Fighting xenophobia and discrimination against Asians

The virus fuels hate toward the community

Police+data+collected+by+Center+for+Study+of+Hate+and+Extremism+and+VOA

Police data collected by Center for Study of Hate and Extremism and VOA

The start of COVID-19 was rough for the Asian community. With the virus affecting many families, intensifying racism is not the answer during a hard time.

CNN, a multinational news-based pay television channel, reported on Feb. 16, “Stop AAPI (Asian American Pacific Islander) Hate has received more than 2,800 firsthand reports of anti-Asian hate across 47 states and Washington, D.C., since March 19.”

Stop AAPI is a San Francisco-based group of nonprofits, organizers and educators that was formed during the pandemic to address hate against the Asian community. Anyone can anonymously report a hate crime on the website stopaapihate.org.

According to Human Rights Watch, a non-governmental organization, “On May 8, 2020, United Nations Secretary-General Antonio Guterres said that ‘the pandemic continues to unleash a tsunami of hate and xenophobia, scapegoating and scare-mongering’ and urged governments to ‘act now to strengthen the immunity of our societies against the virus of hate.’”

The spread of the virus seems to be the root of the harassment and discriminination, solely because the virus originates from China. This does not allow people to generalize a minority to spread hate.

KQED, a public media organization that provides public radio, television and reports in the Bay Area, stated, “For a majority of the pandemic, former-President Donald Trump repeated racist and inaccurate statements about the coronavirus, which researchers said coincided with a rise in violence against Asian and Asian American people.”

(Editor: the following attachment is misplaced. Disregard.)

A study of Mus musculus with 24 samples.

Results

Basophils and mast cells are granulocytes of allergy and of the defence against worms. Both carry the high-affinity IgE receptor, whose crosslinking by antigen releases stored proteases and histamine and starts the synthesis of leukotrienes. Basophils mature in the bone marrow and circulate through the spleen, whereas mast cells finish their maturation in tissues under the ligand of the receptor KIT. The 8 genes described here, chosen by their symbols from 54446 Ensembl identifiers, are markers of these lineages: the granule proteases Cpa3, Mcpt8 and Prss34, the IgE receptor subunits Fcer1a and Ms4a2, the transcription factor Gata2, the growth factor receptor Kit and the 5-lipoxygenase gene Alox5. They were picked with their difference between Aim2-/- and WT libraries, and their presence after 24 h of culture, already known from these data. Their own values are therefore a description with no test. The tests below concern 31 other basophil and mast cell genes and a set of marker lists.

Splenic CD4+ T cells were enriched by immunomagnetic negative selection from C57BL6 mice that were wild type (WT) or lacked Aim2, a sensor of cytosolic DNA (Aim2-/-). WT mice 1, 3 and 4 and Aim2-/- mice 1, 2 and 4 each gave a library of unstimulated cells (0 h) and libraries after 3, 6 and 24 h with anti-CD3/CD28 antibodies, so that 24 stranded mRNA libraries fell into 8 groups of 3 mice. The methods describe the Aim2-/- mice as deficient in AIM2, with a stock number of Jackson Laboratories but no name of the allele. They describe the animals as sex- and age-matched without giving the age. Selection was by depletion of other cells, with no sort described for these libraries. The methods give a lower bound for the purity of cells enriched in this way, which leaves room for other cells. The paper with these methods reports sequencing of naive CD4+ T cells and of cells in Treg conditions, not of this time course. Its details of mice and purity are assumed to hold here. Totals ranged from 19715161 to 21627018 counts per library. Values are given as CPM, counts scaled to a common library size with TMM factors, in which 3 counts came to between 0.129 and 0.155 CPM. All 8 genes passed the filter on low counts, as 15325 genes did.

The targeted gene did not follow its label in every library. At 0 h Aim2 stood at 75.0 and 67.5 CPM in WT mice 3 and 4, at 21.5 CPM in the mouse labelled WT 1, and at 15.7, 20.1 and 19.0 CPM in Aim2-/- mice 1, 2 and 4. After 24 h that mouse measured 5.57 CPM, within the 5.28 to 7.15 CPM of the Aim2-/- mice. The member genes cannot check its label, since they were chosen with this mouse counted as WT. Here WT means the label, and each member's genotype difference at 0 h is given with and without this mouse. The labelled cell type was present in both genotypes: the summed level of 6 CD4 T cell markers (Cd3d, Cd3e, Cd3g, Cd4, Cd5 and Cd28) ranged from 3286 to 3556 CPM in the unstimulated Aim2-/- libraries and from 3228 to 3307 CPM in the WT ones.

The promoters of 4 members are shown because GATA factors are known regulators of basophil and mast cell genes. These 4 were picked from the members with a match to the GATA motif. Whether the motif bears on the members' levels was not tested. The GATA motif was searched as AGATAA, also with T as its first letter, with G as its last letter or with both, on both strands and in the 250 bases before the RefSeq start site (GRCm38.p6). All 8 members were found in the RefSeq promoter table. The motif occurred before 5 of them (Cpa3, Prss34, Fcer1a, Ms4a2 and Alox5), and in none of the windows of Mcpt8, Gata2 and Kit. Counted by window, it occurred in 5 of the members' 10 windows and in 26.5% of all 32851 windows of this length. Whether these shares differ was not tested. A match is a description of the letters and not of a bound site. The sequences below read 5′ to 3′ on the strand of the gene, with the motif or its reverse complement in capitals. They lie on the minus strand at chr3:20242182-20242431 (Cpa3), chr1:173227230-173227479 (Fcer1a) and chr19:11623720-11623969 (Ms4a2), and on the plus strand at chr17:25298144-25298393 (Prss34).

As the pandemic continues, anger and frustration toward Asians have carried into the new year. Kron 4 news, a local news and weather station, reported on Feb. 24, that fatal hate crimes have been at an all time high for the community.

On Jan. 28, an unfortunate event that got a lot of attention was the death of Vichar Ratanapakdee, an 84-year-old Thai American man who was violently shoved in San Francisco.

CNN quoted Eric Lawson, Ratanapakdee’s son-in-law as saying, “This wasn’t driven by economics. This was driven by hate.”

Two days after the death of Ratanapakdee, another event of assault occurred in Oakland’s Chinatown neighborhood. A 28-year-old man was charged for shoving a 91-year-old man, a 60-year-old man and a 55-year-old woman, CNN reported.

These crimes against Asian elders show that people are on the lookout for vulnerable victims to be vicious against.

Not only does this make Asian and Asian Americans fear for their safety, but it also scares families’ elders, how do they know that their grandma or grandpa won’t be attacked on the street?

NBC Bay Area, a local news channel, stated that a rally was held on Feb. 13 in Oakland to demonstrate the Black community’s support for Asians and Asian Americans. There were at least 500 people that gathered at Madison Park to show solidarity.

With support and social awareness from other communities, hate crimes against Asians and Asian Americans have been brought to light.

During a hard time for the community, what can others do to help? Using a resource like Stop AAPI is one way to pinpoint incidents in an area, but it’s encouraged that people step in situations if they witness any.